By Dr Nihara Krause, Consultant Clinical Psychologist, Founder and CEO stem4
The health, social and economic consequences of poor mental health are substantial. 10% of children and young people aged 5-16 have significant mental health difficulties (Public Health England, 2016) with this number increasing to 1 in 4 in adults (Mental Health Taskforce, 2016). There is now a growing body of research that confirms that promotion of mental health and well-being contributes to the prevention of mental health problems (Goldie et al, 2016) with specific reference to mental health education and programmes in schools (Weare and Nind, 2011).
PSHE (personal, social, health and economic education) is defined as teaching in schools that ‘helps students develop knowledge, skills and attributes they need to manage many of the critical opportunities, challenges and responsibilities they face as they grow up and in adulthood’ (PSHE Association). There are a number of topics included in PSHE which focus around wellbeing and mental health. PSHE has been a non-statutory subject in the curriculum although according to proposal made this year in a government Green Paper, there is recommendation to make PSHE education statutory.
There is variability amongst schools on the emphasis placed on PSHE and allocation of curriculum time to accommodate the teaching of the subject. In addition, the teaching is often delivered by non-specialists. Teachers report varying confidence levels in delivering these lessons which require sensitive planning and although the PSHE Association provides guidance and age appropriate lesson plans, 75% school leaders say they lack resources to meet the mental health needs of pupils, citing lack of training as one of the main contributory factors.
Mental health education provides children and young people with life skills that enable them to meet the challenges they face in life. There is evidence to support that enhancing mental health literacy is an important contributor to the prevention of mental illness, indicating that this education is an important first step.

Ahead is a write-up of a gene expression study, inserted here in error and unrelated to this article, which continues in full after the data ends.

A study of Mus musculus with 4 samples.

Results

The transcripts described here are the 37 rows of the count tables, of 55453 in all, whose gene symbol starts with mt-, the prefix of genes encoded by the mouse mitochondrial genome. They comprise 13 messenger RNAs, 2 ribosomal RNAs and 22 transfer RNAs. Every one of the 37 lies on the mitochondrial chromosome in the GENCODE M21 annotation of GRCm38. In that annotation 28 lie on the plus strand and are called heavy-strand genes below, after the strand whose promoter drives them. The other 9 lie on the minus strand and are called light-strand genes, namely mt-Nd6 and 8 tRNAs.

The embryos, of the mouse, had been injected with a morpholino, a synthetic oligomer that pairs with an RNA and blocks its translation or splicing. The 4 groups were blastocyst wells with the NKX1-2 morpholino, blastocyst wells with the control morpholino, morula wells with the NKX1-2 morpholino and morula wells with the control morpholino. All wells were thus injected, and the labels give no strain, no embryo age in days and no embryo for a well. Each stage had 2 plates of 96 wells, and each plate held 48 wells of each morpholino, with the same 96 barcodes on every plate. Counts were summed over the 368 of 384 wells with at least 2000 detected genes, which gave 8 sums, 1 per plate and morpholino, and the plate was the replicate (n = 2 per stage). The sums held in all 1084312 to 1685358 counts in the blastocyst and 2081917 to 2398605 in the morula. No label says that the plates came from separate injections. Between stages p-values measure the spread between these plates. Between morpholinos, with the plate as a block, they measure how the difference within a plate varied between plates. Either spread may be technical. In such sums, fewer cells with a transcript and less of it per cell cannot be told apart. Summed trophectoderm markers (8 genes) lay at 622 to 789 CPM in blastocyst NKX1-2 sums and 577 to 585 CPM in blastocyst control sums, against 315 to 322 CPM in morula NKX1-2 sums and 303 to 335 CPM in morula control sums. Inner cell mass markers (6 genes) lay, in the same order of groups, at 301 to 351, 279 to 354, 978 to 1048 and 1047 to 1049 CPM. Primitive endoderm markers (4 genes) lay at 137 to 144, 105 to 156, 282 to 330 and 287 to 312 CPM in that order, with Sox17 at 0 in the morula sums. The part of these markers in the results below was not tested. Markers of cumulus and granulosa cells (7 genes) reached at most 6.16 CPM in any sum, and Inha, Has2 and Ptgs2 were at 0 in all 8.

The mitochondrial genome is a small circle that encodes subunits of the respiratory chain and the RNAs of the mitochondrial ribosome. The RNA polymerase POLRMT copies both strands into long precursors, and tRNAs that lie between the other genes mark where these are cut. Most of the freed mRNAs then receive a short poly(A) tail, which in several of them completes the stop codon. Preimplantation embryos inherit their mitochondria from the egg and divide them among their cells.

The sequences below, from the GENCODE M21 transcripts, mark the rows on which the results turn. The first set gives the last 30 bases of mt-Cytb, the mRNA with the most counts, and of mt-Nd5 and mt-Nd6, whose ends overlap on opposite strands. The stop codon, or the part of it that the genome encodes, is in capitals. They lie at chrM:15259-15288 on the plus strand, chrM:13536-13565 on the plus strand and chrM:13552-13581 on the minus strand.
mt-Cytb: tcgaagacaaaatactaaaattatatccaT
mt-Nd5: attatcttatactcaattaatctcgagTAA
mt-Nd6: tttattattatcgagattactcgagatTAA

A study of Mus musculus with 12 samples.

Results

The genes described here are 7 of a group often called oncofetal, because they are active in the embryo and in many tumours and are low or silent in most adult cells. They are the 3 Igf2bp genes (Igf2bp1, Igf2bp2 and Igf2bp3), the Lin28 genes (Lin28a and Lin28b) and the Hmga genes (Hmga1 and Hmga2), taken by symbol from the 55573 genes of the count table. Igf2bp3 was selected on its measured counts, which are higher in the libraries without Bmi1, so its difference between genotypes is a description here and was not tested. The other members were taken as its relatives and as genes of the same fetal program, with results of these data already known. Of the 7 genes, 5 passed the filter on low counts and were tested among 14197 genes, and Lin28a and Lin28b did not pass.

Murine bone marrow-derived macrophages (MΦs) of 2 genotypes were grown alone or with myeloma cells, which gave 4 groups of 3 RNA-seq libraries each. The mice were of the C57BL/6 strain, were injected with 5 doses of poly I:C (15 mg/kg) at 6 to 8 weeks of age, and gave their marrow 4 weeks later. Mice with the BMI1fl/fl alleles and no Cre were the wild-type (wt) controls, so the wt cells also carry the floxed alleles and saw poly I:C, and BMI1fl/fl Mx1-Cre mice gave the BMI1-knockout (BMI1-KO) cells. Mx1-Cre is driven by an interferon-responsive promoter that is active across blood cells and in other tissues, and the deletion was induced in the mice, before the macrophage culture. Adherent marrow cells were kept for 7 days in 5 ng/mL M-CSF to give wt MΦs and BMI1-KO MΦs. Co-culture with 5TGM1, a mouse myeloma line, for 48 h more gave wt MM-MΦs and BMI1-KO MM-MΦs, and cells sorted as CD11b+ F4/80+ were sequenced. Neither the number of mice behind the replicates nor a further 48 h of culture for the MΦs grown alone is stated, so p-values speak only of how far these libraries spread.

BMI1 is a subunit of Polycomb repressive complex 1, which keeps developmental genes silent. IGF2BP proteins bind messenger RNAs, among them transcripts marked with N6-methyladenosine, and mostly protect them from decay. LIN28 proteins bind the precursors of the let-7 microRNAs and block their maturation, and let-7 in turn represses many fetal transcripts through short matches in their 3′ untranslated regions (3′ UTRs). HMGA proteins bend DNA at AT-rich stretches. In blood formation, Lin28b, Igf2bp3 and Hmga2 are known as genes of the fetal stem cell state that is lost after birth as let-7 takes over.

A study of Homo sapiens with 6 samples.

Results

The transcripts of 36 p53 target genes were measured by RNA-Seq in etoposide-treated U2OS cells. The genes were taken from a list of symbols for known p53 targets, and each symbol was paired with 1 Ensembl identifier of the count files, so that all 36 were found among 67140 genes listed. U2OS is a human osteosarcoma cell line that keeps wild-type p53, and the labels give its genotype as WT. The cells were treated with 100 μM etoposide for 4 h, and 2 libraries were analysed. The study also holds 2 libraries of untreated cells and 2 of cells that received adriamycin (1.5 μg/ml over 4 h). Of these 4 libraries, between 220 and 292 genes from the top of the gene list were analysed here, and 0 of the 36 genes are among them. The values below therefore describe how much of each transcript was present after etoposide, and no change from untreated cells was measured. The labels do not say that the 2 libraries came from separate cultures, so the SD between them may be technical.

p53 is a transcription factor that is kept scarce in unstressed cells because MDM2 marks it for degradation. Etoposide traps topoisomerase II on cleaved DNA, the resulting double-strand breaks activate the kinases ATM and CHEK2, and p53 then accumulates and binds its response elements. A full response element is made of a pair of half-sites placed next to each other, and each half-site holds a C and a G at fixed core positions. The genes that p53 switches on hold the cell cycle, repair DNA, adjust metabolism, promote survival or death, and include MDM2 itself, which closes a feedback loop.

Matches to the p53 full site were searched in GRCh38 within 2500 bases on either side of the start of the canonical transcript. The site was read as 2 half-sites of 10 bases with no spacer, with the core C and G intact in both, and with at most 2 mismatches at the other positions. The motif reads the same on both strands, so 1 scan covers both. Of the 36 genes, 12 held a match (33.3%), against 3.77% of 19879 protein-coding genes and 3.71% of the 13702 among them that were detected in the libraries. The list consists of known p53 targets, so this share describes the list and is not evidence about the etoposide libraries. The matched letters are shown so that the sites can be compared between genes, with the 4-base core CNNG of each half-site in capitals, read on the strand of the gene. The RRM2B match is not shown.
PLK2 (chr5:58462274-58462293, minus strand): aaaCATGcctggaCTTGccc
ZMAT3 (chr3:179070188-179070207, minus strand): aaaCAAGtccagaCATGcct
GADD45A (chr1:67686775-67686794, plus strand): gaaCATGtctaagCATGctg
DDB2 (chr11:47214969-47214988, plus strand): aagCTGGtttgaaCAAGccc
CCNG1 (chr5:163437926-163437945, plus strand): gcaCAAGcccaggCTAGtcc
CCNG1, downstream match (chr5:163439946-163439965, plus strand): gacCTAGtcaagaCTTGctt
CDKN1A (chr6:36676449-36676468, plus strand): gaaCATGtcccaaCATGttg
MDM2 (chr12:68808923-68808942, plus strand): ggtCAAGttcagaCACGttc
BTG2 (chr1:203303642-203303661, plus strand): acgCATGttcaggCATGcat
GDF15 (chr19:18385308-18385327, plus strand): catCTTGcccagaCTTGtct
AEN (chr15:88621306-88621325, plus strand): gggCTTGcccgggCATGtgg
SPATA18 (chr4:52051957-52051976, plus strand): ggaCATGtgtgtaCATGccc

In order to provide standardised specialist mental health education in schools, stem4 has developed ‘Head-Ed’, an on-line resource which includes a library of digital educational videos with supporting materials for teachers. Each video delivers information on a specific area such as ‘resilience’, which is presented by Dr Nihara Krause who is a Consultant Clinical Psychologist and the content has been developed following student feedback.
The digital videos also feature YouTube clips and case studies made for stem4 by young people. The videos are supported by teacher guidance created by Sarah Sterne (Education Co-ordinator, MA, Educational Studies) and Dr Krause. stem4 is a teenage mental health charity, which, over the past seven years has provided mental health education to over 200 schools. ‘Head-Ed’ is currently being trialled in 45 schools in England. To find out more about stem4‘s ‘Head-Ed’ resources email firstname.lastname@example.org.
Mental health and wellbeing in England: Adult Psychiatric Morbidity Survey 2014, Leeds: NHS Digital.
These figures have been accessed via http://ghdx.healthdata.org/gbd-results-tool Global Burden of Disease Tool. January 2017.
Goldie, I., Elliot, I., Regan, M., Bernal, L. & Makurah, L. 2016. Mental health and prevention: Taking local action for better mental health, London, Mental Health Foundation.
Gov.UK. 2016. Bullying at school. https://www.gov.uk/bullying-at-school/bullying-a-definition [Online].
Weare, K. & Nind, M. 2011. Mental health promotion and problem prevention in schools: what does the evidence say? Health Promot Int, 26 Suppl 1, i29-69.